List of lists (or container of containers), is it possible in QT?



  • I was wondering if in QT it is possible to crate a container that can contain other containers of the same kind and other kinds of objects.
    Same question for lists.

    I have been searching on the forum and on the net, but I can't even find anyone speaking of this kind of issue, or maybe I find for the wrong words :(

    Thanks in advance for your help.



  • Lists of lists (or other containers) are the same as lists of anything else. No discussion because it works exactly as one might expect it to.



  • It is not possible in QT (QuickTime) but it is perfectly possible in Qt. Did you like... try it before you ask the question?



  • I have been trying for months and never succeded building a list of lists, and didn't even find any example on the web of lists lof lists, do you know if anywhere I can see an example of simple list of lists that works and that gives no compliling errors?

    Here is my example of a class that should be a list of lists. It is supposed to convert an algebrai expression into a nested list, but when I try to iterate and try to append an object of the same kind as a child to the list I get errors. See the bold in the code below.

    The idea is for instance that the equation a=b+c should be converted into {a,{b,c}}.

    I previously did similar things with php which does not requires variable declaration and it works finely. I did it also with flex, but in Qt I couldn't get any attempt to work, I actually tried many variations, but I must admit I am quite ignorant for what concerns Qt language, thus I decided to ask if it is possible or not, before spending several other months failing :(

    @class LALGExpression : public QList<QString>
    {

    public:
    LALG[removed]) {
    }

    LALG[removed]const QString &lalgExpressionText) {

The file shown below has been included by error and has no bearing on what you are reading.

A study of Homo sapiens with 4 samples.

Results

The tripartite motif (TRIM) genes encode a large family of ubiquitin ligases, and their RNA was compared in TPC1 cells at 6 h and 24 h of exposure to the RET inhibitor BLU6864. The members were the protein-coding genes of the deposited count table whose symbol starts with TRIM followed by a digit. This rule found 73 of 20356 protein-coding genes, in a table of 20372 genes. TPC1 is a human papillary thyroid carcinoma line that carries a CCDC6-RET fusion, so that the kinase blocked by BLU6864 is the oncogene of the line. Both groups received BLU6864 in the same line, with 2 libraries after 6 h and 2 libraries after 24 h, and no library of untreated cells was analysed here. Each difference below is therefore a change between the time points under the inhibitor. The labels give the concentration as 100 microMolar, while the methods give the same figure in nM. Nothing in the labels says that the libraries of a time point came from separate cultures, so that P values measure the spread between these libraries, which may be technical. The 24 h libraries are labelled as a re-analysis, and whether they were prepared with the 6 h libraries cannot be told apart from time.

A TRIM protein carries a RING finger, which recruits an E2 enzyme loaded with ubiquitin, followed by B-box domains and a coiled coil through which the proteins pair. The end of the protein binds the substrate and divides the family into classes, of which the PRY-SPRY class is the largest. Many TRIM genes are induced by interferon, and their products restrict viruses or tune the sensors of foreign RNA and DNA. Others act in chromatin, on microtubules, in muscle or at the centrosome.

if(lalgExpressionText.contains("=")) {
            QStringList * tmp = new QStringList(lalgExpressionText.split("="));
    
            for (int i = 0; i < tmp->size(); ++i) {
                LALGExpression *nextExpr = new LALG[removed]tmp->at(i));
                this->append(nextExpr);
                this->append(tmp->at(i));
            }
            this->setLalgExpressionOp("U");
        }
        else if(lalgExpressionText.contains("+")) {
            QStringList * tmp = new QStringList(lalgExpressionText.split("+"));
    
            for (int i = 0; i < tmp->size(); ++i) {
                this->append(tmp->at(i));
            }
            this->setLalgExpressionOp("P");
        }
        else this->append(lalgExpressionText);
    }
    

    @



  • Sorry I didn't think the code would come unformatted, I don't know how to reformat it here



  • To create a list that contains lists you don't inherit from List<QString> (that create another class that is extending a list of strings), you need to create a QList and as a template parameter pass QList<QString>, so the code will become something like: @QList<QList<QString> > listOfListsOfString; //notice that there is a space between > >@

    LE: since you need a QString in the list a good solution might be a QList<QStringList> listOfListsOfString; (especially if you'll need QStringList's functionality, like join)



  • Oh, thanks, but in this way, will my listOfListsOfString be only 2 steps deep, or with the same declaration will I be allowed to create a listOfListsOfListsOfListsOfListsOfListsOfStrings? I mean with an unfixed dept?

    Thanks in advance



  • You should see an edit link next to your posts to let you fix formatting. There's a code button above the text area that shows how.

    You're declaring your lists as:

    @QList<QString>@

    but then you're trying to insert something that isn't a QString into that list. That won't work. For a list of lists of strings you'd use:

    @QList<QList<QString> >@

    but that doesn't seem like it would be flexible enough for what you're really intending to do here. You may want to check the documentation of QVariant which can contain QString or QList<QVariant> (or many other things) and can be used to construct arbitrary trees such as you seem to want.



  • Thanks this QVariant sounds really interesting, I will try to explore it, thanks a lot :)

    ...and yes, I succeded formatting the code above, it wasn't that difficult, doh!